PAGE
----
Iranian troops crossed a key waterway in southern Iraq today and said that they had taken over a strategic island and inflicted damage on the city of Basra -- claims denied by Iraq.
Western military analysts, speaking by telephone from Baghdad, said the Iranian assault may be the first wave of a major offensive.
A statement issued in Tehran tonight said that Iranian forces seized a "wide area of sensitive and strategic regions" west of the disputed Shatt al-Arab estuary and near Basra, Iraq's second-largest city, and that the territory remained under Iranian control.
Iran said its forces captured Umm Rassas, an island that it said contained important Iraqi oil installations.
"Basra has sustained considerable damage, and a large number of enemy soldiers have been routed and a considerable number have been captured by the forces of Islam," Tehran radio said. "Areas that have been conquered and the booty obtained are sizable."
Iraq said that its forces were counterattacking along a broad front in the region north of Basra at the northern end of the Persian Gulf and had crushed "the main weight" of the offensive. But a statement issued in Baghdad acknowledged that the Iranians had gained "a shaky foothold in some forward areas" of Iraqi territory.
Radio Baghdad quoted a correspondent for the state-run Iraqi News Agency as saying the Iranians paid a "dear price" in the assault and Iraqi forces were pursuing the remaining Iranians. The correspondent said bodies of dead Iranian soldiers were floating in the waterway.
There was no independent confirmation of either side's report.
The late winter is favored by the Iranians for attacks because rainfall leaves the marshy region of southern Iraq a quagmire that makes it difficult for the Iraqis to use their superiority in tanks and other armor to full advantage. Analysts said Iran has had 250,000 troops massed on the southern war front for several weeks.
It is estimated that the 5 1/2-year-old war, in the oil-rich region of the Persian Gulf, has caused half a million casualties. During an offensive in the same region last year, Iran lost about 30,000 dead in one week; Iraqi deaths were placed at 10,000.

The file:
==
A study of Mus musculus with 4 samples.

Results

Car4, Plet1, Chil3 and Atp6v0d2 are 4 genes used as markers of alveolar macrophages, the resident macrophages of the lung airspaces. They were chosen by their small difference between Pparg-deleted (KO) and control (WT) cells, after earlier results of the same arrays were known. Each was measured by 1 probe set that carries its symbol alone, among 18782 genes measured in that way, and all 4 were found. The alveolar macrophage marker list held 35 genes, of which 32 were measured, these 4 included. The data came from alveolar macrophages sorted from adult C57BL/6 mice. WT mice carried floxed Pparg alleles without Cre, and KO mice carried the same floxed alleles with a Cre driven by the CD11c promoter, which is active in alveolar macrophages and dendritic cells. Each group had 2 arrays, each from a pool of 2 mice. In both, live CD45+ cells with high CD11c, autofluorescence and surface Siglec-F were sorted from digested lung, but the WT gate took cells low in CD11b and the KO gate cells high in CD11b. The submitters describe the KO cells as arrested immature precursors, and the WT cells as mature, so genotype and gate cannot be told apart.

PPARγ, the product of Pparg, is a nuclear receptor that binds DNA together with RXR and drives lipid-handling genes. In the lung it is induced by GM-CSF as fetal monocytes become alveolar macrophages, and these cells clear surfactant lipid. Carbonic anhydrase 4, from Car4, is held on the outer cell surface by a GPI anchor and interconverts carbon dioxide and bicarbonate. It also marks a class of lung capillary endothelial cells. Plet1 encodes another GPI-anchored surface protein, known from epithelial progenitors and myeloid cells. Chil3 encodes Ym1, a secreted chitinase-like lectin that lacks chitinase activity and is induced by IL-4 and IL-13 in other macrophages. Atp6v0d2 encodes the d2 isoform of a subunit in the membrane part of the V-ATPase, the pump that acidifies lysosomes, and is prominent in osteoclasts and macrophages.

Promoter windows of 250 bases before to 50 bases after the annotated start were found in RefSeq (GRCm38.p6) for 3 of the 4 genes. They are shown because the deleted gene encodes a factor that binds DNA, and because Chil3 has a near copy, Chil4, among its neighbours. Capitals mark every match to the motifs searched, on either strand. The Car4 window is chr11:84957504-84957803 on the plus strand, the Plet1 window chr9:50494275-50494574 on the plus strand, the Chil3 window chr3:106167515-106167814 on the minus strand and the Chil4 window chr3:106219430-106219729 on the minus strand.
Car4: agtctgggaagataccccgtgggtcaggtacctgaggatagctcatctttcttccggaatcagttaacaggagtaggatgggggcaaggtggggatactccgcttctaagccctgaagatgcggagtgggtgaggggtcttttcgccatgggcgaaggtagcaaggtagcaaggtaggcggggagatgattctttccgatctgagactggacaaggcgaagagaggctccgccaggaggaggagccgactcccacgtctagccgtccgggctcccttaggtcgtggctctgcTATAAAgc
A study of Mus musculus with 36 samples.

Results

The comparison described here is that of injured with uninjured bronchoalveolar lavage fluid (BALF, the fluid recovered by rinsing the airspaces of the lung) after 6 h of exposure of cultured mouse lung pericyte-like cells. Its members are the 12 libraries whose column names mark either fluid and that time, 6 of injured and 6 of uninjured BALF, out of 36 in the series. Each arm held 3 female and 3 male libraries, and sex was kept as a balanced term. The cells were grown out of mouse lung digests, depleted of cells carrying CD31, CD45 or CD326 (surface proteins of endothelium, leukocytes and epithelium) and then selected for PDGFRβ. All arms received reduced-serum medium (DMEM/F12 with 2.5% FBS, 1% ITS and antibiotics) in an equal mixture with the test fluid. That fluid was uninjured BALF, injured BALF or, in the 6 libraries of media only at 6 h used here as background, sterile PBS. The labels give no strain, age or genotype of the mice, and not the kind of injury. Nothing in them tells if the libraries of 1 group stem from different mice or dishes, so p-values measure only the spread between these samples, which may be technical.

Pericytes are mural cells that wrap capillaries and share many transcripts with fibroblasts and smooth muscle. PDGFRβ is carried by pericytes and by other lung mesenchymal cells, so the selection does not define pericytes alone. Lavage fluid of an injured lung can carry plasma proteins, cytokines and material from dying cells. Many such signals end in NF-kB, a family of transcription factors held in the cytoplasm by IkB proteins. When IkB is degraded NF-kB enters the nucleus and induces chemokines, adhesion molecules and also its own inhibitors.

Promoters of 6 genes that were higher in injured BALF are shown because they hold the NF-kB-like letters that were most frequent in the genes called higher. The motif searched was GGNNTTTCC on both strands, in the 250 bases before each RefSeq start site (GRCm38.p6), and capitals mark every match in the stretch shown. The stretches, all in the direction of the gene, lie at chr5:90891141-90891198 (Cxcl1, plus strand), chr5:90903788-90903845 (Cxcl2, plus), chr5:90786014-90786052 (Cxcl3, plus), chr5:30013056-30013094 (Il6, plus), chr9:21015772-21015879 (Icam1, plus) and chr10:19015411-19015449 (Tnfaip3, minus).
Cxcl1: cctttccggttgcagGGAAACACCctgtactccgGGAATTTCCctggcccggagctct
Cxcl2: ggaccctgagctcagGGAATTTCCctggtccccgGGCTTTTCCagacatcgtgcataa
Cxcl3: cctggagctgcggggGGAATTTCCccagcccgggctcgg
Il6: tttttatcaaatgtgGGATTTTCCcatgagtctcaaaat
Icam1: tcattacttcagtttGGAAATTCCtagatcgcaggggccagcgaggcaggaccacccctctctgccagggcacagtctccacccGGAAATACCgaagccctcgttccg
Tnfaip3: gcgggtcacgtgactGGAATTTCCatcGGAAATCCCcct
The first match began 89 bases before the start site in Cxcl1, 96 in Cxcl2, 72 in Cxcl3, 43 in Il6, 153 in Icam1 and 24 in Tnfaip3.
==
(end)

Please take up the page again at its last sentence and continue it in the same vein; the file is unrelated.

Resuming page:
While the Iranian offensive was turned back last year, western diplomats said Iran appears to be far better prepared now.
According to the war communiques, the Iranians appeared to have attacked on two fronts through the Hawizah marshes beginning last night, the eve of the 7th anniversary of the Islamic Revolution that toppled the shah and brought Ayatollah Ruhollah Khomeini to power.
After last year's defeat, the Iranians built three roads into the marshes and began fortifying the islands there. They appear to have established artillery emplacements to provide cover for the offensive, as well as using the islands as jumping-off points for reinforcements and heavy equipment.
The Iranians severed the main north-south Iraqi highway during the fighting last year but were equipped with only personal weapons. Iraq, which holds a considerable superiority in tanks and warplanes, was able to crush the advance before the Iranians dug in.
Western experts said Iraq's strategy appears to be aimed at allowing the Iranians to make initial advances, onto high, dry ground where Iraq can use its armor.
To mark the anniversay of the revolution, Khomeini, 83, made a rare public appearance in Tehran. Speaking to foreign Moslems, he said that "today there is no government that would not like Iran to show some flexibility toward it, and that is true for the United States, the Soviet Union and France. They are the ones who are isolated."